My Thoughts on ‘The Wheat Belly’ Book

I found “The Wheat Belly” book at Barnes & Noble about 2 weeks ago and haven’t been able to put it down since. I have heard so many positive reviews on this book from a number of people who have celiac, crohn’s, IBS, and a number of other chronic illnesses to do with inflammation of the gut, that I had to read it myself.

This book is an eye opener and life changer, truly. As a fitness pro, I know a little about health and nutrition, but I didn’t realize just how horrible wheat is for the body. We constantly hear that whole grains are good, and to eat wheat for good digestion… Um… No and never again, no thank you! I have been struggling for years with gut issues, but thought that wheat was ‘healthy’ and so it became one of the staples in my diet, so long as it was always about 45 calories per slice (bread). Not anymore – my diet has drastically changed.

For the past 2 weeks, I have avoided eating anything with wheat in it, although I did have a couple slices of thin crust pizza about a week ago at a family outing, and regretted it immediately afterwards… The stomach pain was unbearable and I ended up taking something natural to settle my tummy.

After being extra careful with what I put in my mouth and checking every label, I am happy to report that I am down 1 dress size as of today. The bloat is disappearing and I know it’s going to be a long journey, but it’s one that I am very excited about. Reading this book has brought about a lifestyle change and is helping me with other gastrointestinal issues that have been bothering me for years.

*Wheat Alternatives to Watch Out For: Flour, bulgur, semolina, spelt, frumento, durum/duram, kamut, graham, einkorn, farina, couscous, seitan, matzoh, matzah, matzo, and cake flour. These are often marketed as being a wheat alternative, but none are gluten-free.

Here’s a great video from Dr William Davis
The Wheat Belly Guide to Grain Free Baking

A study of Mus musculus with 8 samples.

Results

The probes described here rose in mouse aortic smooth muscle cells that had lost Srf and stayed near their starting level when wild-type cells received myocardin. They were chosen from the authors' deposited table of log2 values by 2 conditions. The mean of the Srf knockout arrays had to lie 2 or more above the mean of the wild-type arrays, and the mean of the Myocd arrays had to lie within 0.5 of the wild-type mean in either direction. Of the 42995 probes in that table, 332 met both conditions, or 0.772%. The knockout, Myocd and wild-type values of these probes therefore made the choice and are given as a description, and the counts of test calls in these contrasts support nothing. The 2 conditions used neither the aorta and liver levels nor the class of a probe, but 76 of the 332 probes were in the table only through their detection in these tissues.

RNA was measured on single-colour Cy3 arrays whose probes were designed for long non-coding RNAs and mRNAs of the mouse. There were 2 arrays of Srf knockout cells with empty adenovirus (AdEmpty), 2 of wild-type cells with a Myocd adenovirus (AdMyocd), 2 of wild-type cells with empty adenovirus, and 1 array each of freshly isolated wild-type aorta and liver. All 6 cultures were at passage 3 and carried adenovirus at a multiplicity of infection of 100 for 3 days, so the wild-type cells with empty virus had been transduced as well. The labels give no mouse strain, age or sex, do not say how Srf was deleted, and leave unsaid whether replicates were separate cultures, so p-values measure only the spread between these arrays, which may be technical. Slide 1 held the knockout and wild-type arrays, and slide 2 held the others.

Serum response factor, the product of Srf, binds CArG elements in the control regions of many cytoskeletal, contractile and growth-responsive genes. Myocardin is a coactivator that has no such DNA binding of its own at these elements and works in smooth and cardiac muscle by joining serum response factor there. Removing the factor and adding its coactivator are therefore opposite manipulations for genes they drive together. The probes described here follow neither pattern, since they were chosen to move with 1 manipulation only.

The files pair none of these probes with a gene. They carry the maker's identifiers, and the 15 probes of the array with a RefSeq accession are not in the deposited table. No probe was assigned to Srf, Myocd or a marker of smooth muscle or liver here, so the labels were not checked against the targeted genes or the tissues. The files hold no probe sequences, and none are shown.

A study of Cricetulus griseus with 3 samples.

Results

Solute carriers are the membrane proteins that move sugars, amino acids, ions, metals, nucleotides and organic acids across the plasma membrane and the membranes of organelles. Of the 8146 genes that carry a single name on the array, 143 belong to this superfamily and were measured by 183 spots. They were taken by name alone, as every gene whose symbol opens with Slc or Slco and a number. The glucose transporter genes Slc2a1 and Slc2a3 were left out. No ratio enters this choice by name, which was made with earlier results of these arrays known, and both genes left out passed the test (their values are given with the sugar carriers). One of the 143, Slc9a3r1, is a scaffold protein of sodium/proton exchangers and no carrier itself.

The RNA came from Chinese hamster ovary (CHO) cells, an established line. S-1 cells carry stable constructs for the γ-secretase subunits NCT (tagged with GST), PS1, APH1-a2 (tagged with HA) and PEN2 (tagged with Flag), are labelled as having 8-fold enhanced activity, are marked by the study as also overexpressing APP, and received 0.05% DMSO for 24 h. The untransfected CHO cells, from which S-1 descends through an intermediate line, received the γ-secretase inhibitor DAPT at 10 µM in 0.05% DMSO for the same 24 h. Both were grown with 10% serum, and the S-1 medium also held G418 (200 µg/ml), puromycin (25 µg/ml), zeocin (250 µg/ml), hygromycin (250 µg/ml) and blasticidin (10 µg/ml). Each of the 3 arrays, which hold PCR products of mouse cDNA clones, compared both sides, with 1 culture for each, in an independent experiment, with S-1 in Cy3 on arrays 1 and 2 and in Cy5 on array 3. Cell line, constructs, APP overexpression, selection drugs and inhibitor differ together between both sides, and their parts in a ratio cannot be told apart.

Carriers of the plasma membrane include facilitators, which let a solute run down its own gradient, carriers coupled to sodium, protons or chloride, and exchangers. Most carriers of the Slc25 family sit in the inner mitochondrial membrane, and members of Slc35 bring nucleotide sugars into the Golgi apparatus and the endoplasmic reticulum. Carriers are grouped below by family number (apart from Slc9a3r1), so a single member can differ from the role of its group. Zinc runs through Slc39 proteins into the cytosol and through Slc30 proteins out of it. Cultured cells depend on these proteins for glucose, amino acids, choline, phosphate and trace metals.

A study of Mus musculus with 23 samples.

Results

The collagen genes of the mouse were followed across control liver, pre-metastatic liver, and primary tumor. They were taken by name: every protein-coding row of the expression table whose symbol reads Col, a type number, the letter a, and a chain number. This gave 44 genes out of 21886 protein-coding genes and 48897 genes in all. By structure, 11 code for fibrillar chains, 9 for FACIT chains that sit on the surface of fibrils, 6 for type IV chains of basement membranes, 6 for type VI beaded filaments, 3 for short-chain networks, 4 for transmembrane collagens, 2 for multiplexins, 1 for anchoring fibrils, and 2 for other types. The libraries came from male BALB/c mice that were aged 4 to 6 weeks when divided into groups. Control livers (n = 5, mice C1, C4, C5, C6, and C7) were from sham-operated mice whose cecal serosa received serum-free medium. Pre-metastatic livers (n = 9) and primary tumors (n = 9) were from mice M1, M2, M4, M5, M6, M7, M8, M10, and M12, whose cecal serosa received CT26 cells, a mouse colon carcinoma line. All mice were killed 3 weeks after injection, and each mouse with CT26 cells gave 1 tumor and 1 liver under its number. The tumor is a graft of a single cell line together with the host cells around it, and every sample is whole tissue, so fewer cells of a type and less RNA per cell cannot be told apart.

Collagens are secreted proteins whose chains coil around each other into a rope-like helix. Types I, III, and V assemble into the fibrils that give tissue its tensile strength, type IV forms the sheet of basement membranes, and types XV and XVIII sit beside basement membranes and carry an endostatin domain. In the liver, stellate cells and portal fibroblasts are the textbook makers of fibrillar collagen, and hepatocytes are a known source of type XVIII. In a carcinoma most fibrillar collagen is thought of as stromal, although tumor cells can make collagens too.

Here’s a snippet from an interview with Dr William Davis on why wheat is harmful in it’s current form.

“I learned just how bad wheat was when I asked patients in my cardiac practice to remove it from their diet. I did this because 80% of people I’d meet for the first time were diabetic or pre-diabetic, situations that double or triple heart disease risk. In an effort to minimize this situation, I applied a very simple fact: Two slices of whole wheat bread raise blood sugar higher than 6 teaspoons of sugar, higher than a Snickers bar. (Most people are unaware that the glycemic index of whole wheat bread is among the highest of all foods.)

I asked everyone to remove wheat to observe the blood sugar effects. People would come back after a 3-6 months and, indeed, their blood sugars and HbA1c (a measure of prior 60 days blood sugar) would be much lower, even to the point at which some diabetics were no longer diabetic. But people told me plenty more: They lost 30 pounds, lost 4 inches from their waist, felt better than they had in 20 years with more energy, less moodiness and deeper sleep. They told me how they experienced complete relief from acid reflux, irritable bowel syndrome, migraine headaches, hand and finger arthritis and joint pain, sinus congestion and chronic sinus infections. They told me about how their asthma improved so much that they threw away three inhalers, their rheumatoid arthritis was so much better they were in the process of reducing medication, their ulcerative colitis and Crohn’s had improved so much that no medication was required any longer, their leg edema had disappeared and rashes were gone.

At first, I dismissed it as pure coincidence. But the effects became so frequent and consistent that the conclusion became unavoidable: Wheat was the underlying cause for an incredible array of health problems and weight gain, and that eliminating was key to astounding health.

And note that this was not gluten avoidance for the gluten-sensitive; this was wheat avoidance for everybody, as it was a rare person who didn’t experience at least some measurable improvement in health, if not outright transformation. I now recommend complete wheat avoidance for all my patients, as well as anyone else interested in regaining control over health and weight.

Wheat is a weak opiate. Eat wheat, you want more wheat, you want more carbohydrates. The gliadin of wheat is converted to exorphins, morphine-like compounds that can be blocked with opiate-blocking drugs.

Even worse, we’re advised by our own government agencies like the USDA and Health and Human Services that whole grains are good for us and we should eat more. Eat more “healthy whole grains,” we eat more, we gain weight, we acquire all the health consequences of wheat and weight gain such as hypertension, high cholesterol, arthritis, acid reflux, and diabetes. Big Food makes out, Big Pharma makes out; we all pay the price.

The epidemic of diabetes and obesity has been blamed on us. We’re told that Americans are overweight and diabetic because we are gluttons and we’re lazy. I don’t buy it. I believe the majority of Americans are fairly health-conscious and try to get at least some exercise. I do not believe we are that different from, say, the people of 1950 or 1960. I think we’ve been duped into blaming ourselves, when all along a big part of the blame should be placed on this corrupt product of genetics research, propagated by agribusiness, and put to profitable use.”